If President Bush was aloof to the Katrina calamity while thousands of pitiable, dispossessed Gulf Coasters struggled to survive, his administration is even more cold-blooded in its indifference to the threat of toxic pollutants.
This week, the White House, joined by cronies in the electric utility industry, sent their strong-arm operatives to the Senate to crush a revolt against a rule exempting utilities from airborne mercury standards under the Clean Air Act and allowing them until 2018 to avoid reducing emissions drastically.
Yet, the slim 51-47 margin indicates growing doubts about Bush environmental policies and his catering to industry.
Mercury pollution draws yawns from the White House. Elsewhere, the dreadful costs of mercury are treated as real.
· Gulf coast environmental cleanup crews are alarmed about hazards to health of an estimated 4,000 pounds of poisonous mercury from hundreds of thousands of electrical switches mixed in Katrina debris that cannot be separated during disposal and will expose people to risks.
· Dr. Leonardo Trasande, assistant director of the Center for Children's Health and Environment at New York's Mount Sinai School of Medicine, cites new findings that women exposed to mercury emissions from coal-fired power plants give birth each year to 231 children nationwide with mental retardation.
· Samples of swordfish meat from markets in 22 states were found by a University of North Carolina laboratory this week to contain mercury levels above the government's legal limit. Fish ingest other fish and other organisms contaminated by mercury from industrial waste.
· The Indonesian government has filed criminal charges and a $133.6 million damage lawsuit against Denver-based Newmont Mining Corp., the world's largest gold producer, for allegedly dumping millions of tons of pollutants—including mercury—into Buyat Bay that have apparently caused widespread illness.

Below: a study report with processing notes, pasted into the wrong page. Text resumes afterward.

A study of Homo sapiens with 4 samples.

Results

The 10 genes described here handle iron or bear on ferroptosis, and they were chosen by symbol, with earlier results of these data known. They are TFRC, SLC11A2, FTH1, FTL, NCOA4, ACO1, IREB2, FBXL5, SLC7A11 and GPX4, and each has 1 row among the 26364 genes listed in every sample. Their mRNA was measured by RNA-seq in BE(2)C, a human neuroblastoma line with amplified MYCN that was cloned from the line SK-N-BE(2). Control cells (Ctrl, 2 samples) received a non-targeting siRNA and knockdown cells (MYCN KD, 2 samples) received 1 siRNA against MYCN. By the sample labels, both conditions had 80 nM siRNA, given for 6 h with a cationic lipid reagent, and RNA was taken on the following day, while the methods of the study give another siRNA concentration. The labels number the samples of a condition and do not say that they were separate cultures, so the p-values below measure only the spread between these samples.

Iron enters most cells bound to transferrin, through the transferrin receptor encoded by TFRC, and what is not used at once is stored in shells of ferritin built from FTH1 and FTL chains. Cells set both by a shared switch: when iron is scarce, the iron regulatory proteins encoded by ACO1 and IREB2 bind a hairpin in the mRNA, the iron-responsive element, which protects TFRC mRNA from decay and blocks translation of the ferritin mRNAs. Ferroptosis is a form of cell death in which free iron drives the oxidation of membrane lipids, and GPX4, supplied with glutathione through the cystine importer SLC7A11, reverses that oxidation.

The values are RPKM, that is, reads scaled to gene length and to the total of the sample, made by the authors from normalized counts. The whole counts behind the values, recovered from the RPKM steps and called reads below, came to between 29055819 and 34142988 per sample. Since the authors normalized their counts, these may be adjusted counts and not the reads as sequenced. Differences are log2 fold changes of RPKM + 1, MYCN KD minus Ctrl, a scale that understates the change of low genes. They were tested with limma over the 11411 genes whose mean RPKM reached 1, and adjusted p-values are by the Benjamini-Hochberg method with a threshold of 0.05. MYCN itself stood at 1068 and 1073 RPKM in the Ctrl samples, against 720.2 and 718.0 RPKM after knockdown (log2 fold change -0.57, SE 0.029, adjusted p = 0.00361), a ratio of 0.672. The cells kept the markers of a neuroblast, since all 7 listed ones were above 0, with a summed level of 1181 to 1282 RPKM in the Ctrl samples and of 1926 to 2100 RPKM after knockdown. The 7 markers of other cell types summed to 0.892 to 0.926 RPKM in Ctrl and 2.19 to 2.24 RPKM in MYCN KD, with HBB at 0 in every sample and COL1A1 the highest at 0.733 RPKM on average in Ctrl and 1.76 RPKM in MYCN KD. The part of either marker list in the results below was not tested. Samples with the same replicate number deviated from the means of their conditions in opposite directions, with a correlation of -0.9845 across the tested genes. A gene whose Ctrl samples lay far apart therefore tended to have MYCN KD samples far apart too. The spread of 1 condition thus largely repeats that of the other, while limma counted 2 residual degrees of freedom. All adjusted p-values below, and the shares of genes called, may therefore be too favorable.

Mercury is a killer. President Bush's contempt for human health, but high regard for electric utility profits, is endangering countless millions of Americans who cannot escape noxious emissions of power plants in their communities.
The cynicism is exceeded only by the utility industry's reprehensible unwillingness to install better emission controls.
The aphorism of "what goes around comes around" has become a reality. Lack of leadership led to the disastrously flawed Katrina rescue that has led to declining confidence in the president.
Just as certainly, his inclination to allow abuse of the environment for industrial profit rather than siding with common sense safeguards will boomerang.
Then the nation will be treated to another presidential "I take full responsibility" moment on TV, but it will be too late for those who couldn't survive his disregard for health.